What can I do if I have constipation during pregnancy?

Dr. Jeanne Morrison, PhD
Family Practitioner

Many pregnant women complain of constipation. Signs of constipation include having hard, dry stools; fewer than three bowel movements per week; and painful bowel movements.

Higher levels of hormones due to pregnancy slow down digestion and relax muscles in the bowels leaving many women constipated. Plus, the pressure of the expanding uterus on the bowels can contribute to constipation. Drink 8 to 10 glasses of water daily. Don't drink caffeine. Eat fiber-rich foods, such as fresh or dried fruit, raw vegetables, and whole-grain cereals and breads. Try mild physical activity.

This answer is based on source information from the National Women's Health Information Center.

Diana Meeks
Diana Meeks on behalf of Sigma Nursing
Family Practitioner

A number of factors can contribute to constipation during pregnancy. These factors include:

  • Hormone changes and the pressure of the growing fetus on the intestines may slow the passage of food through the digestive tract
  • Low fluid intake results in less fluid in the digestive track and hardening of the stool
  • Iron supplements which are known to cause constipation

Maintaining good fluid intake and healthy diet and staying active can all help to prevent constipation during pregnancy.

Boston Women's Health Book Collective
Administration Specialist

During pregnancy, our blood volume increases and removes a lot of water from our digestive system. The hormones of pregnancy slow down the digestive system, and many women become constipated. It is usually easy to relieve constipation in pregnancy with diet and exercise. Here are some tips:

  • Increase the amount of water you drink.
  • Try to drink at least eight big glasses of water every day.
  • Munch on dried fruit—prunes, apricots, or raisins—as a daily snack.
  • Add whole grains and bran to your diet.
  • Cooked brown rice is excellent for this, as are oat and wheat bran.
  • Increase your intake of fresh fruits and vegetables.
  • Try eating yogurt. Some women find that it stimulates digestion and eases constipation. It is easy to digest and is also a good source of calcium.
  • Get some exercise every day.
  • Give yourself time. Taking a walk in the morning, drinking a warm cup of mint or ginger tea, and waiting for your body to signal you that it is time to have a bowel movement may be all you need to stay regular.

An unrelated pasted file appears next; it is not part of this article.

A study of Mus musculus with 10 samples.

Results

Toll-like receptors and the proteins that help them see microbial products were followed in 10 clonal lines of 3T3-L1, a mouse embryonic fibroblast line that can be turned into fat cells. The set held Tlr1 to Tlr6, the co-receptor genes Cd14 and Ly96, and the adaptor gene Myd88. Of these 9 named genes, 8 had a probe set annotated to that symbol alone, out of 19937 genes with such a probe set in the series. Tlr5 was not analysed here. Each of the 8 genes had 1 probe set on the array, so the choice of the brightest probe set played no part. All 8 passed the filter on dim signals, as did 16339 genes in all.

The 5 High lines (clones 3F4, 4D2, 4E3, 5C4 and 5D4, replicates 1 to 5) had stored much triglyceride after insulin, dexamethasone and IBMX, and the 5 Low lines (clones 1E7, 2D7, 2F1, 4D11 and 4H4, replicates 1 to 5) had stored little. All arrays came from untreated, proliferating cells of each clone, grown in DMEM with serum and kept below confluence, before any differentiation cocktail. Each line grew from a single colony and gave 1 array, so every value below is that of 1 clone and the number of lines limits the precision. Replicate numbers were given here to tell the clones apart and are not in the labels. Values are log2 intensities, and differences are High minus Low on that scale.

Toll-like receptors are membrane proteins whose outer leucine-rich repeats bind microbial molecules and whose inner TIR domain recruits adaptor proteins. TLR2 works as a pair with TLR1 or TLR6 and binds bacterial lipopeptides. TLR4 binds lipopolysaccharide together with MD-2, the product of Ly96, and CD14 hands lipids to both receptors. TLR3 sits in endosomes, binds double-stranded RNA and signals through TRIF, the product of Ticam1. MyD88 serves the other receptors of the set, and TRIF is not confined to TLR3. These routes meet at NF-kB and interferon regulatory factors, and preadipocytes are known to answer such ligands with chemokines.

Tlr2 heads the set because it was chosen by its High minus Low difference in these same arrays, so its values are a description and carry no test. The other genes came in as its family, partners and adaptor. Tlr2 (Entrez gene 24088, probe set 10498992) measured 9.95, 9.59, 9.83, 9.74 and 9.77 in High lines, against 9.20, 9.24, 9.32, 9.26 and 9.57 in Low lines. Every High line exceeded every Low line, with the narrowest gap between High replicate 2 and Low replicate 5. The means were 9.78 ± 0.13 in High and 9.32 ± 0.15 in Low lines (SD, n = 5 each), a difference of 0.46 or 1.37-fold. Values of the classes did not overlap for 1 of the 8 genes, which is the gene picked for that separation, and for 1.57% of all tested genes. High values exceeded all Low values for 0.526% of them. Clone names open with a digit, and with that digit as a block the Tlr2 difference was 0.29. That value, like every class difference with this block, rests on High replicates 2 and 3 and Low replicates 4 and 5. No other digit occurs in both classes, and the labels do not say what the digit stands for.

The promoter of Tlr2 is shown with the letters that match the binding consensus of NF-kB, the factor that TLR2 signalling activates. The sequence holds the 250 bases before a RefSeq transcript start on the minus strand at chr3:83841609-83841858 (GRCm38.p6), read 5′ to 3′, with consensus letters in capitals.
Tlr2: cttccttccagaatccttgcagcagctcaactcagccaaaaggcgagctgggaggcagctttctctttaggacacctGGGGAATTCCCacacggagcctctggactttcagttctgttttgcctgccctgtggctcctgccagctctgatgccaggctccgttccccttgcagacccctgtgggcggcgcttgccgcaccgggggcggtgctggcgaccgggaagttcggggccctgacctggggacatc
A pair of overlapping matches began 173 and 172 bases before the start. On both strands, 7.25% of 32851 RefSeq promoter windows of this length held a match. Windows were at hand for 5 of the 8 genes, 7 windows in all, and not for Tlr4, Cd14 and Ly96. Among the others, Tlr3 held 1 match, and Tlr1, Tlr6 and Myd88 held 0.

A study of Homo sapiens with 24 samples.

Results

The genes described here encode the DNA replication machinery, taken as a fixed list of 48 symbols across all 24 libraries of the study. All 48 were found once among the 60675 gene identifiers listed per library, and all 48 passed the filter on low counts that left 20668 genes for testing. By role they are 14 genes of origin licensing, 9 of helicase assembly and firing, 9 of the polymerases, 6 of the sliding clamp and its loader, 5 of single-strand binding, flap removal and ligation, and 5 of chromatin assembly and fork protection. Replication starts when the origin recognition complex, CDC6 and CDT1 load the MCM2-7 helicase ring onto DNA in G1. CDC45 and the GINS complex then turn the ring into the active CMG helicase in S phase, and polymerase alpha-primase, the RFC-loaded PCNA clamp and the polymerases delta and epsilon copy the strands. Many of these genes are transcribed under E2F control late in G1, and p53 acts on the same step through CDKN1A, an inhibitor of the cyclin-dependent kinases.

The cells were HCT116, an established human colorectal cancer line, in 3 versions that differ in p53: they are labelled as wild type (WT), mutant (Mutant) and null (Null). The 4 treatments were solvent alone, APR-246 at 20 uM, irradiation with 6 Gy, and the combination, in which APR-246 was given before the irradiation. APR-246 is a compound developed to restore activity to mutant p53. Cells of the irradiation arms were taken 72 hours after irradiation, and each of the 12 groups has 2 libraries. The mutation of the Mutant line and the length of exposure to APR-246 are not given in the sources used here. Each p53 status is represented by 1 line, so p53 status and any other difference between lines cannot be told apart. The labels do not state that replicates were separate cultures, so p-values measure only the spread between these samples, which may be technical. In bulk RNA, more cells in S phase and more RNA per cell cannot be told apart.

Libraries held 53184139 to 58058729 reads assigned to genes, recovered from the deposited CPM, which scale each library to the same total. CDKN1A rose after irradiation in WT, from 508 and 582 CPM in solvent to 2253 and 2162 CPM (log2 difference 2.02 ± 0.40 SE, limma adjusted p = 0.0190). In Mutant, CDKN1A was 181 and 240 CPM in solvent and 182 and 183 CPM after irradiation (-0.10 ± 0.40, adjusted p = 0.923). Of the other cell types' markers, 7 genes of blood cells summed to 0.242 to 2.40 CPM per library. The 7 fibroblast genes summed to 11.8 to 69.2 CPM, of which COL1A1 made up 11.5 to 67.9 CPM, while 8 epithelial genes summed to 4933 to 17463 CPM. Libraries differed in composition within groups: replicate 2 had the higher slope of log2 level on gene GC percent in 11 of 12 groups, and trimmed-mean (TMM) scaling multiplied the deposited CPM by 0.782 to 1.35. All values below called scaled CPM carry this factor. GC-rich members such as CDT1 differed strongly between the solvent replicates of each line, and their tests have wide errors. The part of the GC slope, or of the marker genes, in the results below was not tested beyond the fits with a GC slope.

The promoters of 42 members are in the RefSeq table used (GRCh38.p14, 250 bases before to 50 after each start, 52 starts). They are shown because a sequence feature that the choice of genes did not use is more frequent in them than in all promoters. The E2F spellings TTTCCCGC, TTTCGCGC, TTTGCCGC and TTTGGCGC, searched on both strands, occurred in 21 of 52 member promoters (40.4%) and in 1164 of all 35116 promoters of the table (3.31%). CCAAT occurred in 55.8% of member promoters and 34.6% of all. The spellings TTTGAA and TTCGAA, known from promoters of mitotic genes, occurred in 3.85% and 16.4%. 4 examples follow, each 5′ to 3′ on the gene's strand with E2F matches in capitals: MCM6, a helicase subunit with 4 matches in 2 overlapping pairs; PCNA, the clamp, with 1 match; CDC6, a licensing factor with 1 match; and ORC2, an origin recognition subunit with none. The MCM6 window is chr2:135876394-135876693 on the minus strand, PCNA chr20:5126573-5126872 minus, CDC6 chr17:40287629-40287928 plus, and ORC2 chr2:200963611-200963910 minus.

Our Bodies, Ourselves: Pregnancy and Birth

More About this Book

Our Bodies, Ourselves: Pregnancy and Birth

Dr. Margaret L. McKenzie, MD
OBGYN (Obstetrician & Gynecologist)

Constipation is a common complaint of pregnancy. Watch this video to learn what you can do to prevent constipation.

The normal hormonal changes of pregnancy, pressure from the growing baby on the intestines and iron supplements all contribute to constipation. If you are suffering from constipation, try drinking more water and eating more fresh fruits and vegetables, bran and whole grains. Moderate exercise such as walking can help improve regularity. Your doctor may also suggest a fiber substitute or stool softeners. Hemorrhoids, which are varicose veins around the anus and rectum, are caused by pushing hard and bearing down for bowel movements. The best way to avoid hemorrhoids is to prevent constipation.

Paula Greer
Midwifery Nursing Specialist

Constipation is quite common during pregnancy. Sometimes the iron in the vitamins are constipating and sometimes it is the growing baby pushing on the intestines and the stomach along with not getting enough fluid and fiber in the diet. Many women are unaware that you need to make a fresh water supply for the baby every day in addition to the fluid they need for themselves. Pregnant women need a MINIMUM of 8-10 glasses of water a day. If you are experiencing problems with constipation the first step you should take is to ensure a adequate fluid intake. Increasing your fiber in your diet will also help. Plenty of fresh fruits and vegetables along with whole grain breads and cereals will give you some of the fiber you need. A daily walk will also help keep things moving in the right direction. If you still have a problem talk to your OB/GYN or nurse midwife about taking a fiber supplement, or changing your vitamins to one with a stool softener.

You may experience some constipation during your pregnancy. This occurs partly because your baby puts pressure on your bowel, and partly because of hormonal changes that slow the passage of food through your digestive system. Iron supplements, particularly in high doses, can sometimes add to the problem.

To minimize constipation, eat foods that are high in fiber, exercise, drink lots of nonalcoholic and noncaffeinated fluids and talk to your health care professional about switching supplements.

Constipation is a common complaint for pregnant women. Drinking plenty of fluids, exercising daily, eating raw vegetables and fruits, and eating bran and bran products are good natural remedies. If these don’t work, your doctor may prescribe a mild laxative or stool softener.